The joint coalition that fought to get the Right to Information (RTI) Bill passed into law has refuted claims that it agreed for the Bill to go through its final stage in parliament without their input.
According to a statement from the Coalition, the claim by the Chairman of the Constitutional, Legal and Parliamentary Affairs Committee, Ben Abdallah Banda is “false.”
The joint coalition, made up of The Coalition on the Right to Information (RTI) Ghana, the Media Coalition on RTI and pressure group, OccupyGhana had proposed among others, that the clause relating to the ‘timeframe for putting in place the necessary structure for effective implementation’, be amended. This, was, however, not accepted by the legislators.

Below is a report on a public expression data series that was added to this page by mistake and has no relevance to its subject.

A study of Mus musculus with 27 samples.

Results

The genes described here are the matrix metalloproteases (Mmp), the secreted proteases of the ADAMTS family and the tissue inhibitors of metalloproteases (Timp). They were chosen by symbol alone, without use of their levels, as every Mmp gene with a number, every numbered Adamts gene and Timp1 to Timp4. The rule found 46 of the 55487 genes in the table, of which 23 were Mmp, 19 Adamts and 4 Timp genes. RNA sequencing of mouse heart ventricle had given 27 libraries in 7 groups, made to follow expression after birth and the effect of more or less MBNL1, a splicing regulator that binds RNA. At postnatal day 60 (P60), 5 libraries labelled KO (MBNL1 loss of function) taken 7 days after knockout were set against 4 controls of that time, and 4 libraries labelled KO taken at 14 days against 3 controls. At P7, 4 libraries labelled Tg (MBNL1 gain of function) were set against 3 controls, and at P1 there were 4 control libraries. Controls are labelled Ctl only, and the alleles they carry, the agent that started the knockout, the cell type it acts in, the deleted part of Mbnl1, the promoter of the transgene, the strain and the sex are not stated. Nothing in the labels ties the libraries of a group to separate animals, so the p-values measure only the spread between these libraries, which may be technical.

“Although we are disappointed…we call on all and sundry to support the smooth implementation of the law,” the Coalition wrote.
The Coalition added that they hope that some of their “concerns will be addressed in the Regulations which will come later to operationalize the law.”
Although the 1992 Constitution of Ghana provides for the Right to Information, the Parliamentary Act to operationalize it has gone back and forth.
The Bill was drafted in 1992 but was not presented to Parliament in 2010. At the dying stages of the 6th Parliament, outgoing President, John Mahama appealed to Parliament to pass the Bill but the then Minority NPP – who had won Majority in the elections – would have none of it.
After a lot of advocacy from various civil society organisations, the 7th parliament passed the Bill into law on Tuesday, March 26 2019, ending a record two decades of advocacy.